The recent news coming out of India has been rather negative. The coverage has appeared to focus only on incidents such as repeated sexual assaults, or lower class (dalits) being beaten by upper class Hindus for skinning a cow after it had died. Some believe the one-dimensional coverage is aimed at undermining the government of Prime Minister Narendra Modi. I understand that the western media is invested in his failure because they do not approve of him. He is not a socialist and he is trying to move the country forward. In general, the western press – with a few exceptions – does not approve of conservative politicians and unfortunately skew news coverage against them.
Much like the United States, the Indian political system is structured in a way that legislation often cannot get approved. It is more important for political parties to score points than to do what is best for the country. The Goods and Services Tax (GST) is a prime example of this. It is not a new idea. In fact, it has been languishing in the halls of parliament for decades. Neither party has wanted it implemented on the off chance that it would have a positive impact on the country, and allow the ruling party to score points with voters – God forbid. But this week is a big week in India as it looks as though the vote on the GST bill in the Rajya Sabha (Upper house) will take place. And some even believe it will pass.
Why, you may ask, is it so significant? India is famous for its archaic bureaucracy – a holdover from British colonial rule – and myriad taxes that are both unintelligible and nearly impossible to navigate through. Enter the GST. This new framework will wipe the slate clean. All of the obscure taxes will vanish and be replaced by one single system. Wonderful, simple and unbureaucratic. In my opinion, this change will boost GDP as well as foreign direct investment.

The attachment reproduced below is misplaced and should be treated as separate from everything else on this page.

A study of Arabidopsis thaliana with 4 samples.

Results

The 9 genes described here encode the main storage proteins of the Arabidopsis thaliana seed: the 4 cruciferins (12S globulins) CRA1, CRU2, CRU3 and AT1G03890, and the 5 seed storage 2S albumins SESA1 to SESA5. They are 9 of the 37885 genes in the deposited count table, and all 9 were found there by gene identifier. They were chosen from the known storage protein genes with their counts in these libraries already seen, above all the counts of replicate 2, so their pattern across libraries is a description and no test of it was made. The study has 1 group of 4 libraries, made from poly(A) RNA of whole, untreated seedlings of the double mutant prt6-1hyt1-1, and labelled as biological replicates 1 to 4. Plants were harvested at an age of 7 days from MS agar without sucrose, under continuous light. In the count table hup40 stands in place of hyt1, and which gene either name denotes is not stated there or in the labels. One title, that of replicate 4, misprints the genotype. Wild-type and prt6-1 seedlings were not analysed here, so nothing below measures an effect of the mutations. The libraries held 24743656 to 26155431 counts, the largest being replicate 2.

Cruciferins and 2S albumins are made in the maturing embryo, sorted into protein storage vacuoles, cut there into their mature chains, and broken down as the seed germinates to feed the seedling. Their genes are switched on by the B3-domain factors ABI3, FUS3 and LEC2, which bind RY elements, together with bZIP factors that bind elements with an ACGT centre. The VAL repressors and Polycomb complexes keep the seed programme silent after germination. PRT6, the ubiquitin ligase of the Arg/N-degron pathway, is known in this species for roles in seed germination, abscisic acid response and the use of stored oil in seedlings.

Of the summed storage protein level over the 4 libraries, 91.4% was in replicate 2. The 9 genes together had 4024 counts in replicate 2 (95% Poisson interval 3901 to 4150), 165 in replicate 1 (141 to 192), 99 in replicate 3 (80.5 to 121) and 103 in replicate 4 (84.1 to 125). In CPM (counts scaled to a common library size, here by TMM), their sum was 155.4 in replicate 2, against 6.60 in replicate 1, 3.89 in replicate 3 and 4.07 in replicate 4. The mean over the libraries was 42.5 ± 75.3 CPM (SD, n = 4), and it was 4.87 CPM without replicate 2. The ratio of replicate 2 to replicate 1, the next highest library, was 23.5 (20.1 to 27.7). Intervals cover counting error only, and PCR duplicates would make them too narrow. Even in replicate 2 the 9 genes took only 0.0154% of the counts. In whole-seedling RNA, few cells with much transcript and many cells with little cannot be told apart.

The finance minister, Mr. Arun Jatley, is confident that this is the week the GST bill will be tabled in the Raja Sabah. The Bhartiya Jatata Party (BJP) has agreed to a five-hour debate on the subject, and would clearly like to have the bill passed by August 12 when the current session of parliament ends. Unfortunately, this will probably mean a lot of horse-trading. The Congress Party’s 60 members are the single largest party in the 247 member Rajya Sabha. Currently the BJP party has only 53.
An article in the Times of India titled, “IMF Flags Decelerated Pace of Reforms in India” bolsters the reason I believe this vote is of utmost importance. Recently, India lowered their forecast for GDP growth to 7.4% in 2016. Though higher than China’s, the trajectory is unsettling. The IMF has listed six core areas that need to be addressed in order to keep GDP growth accelerating. It also warned, “headwinds from weaknesses in the country’s corporate and bank balance sheets, decelerating pace of reforms and sluggish exports may weigh on its economic growth.”
I understand that Mr. Modi inherited a quagmire when he took office in May 2014. He has had to battle major opposition by the entrenched political system, inefficient bureaucracy, and politicians bent on hindrance and not progress. However, his party has not helped themselves either, making a variety of avoidable mistakes since elections.
Two years ago I did a television interview about Mr. Modi and I called him a rock star. I still believe he is. More importantly though, once the GST taxation is passed and GDP growth accelerates, then India will be on its way to becoming the economic superpower that it deserves to be.
Peter Kohli is the CEO of emerging market specialist DMS Funds.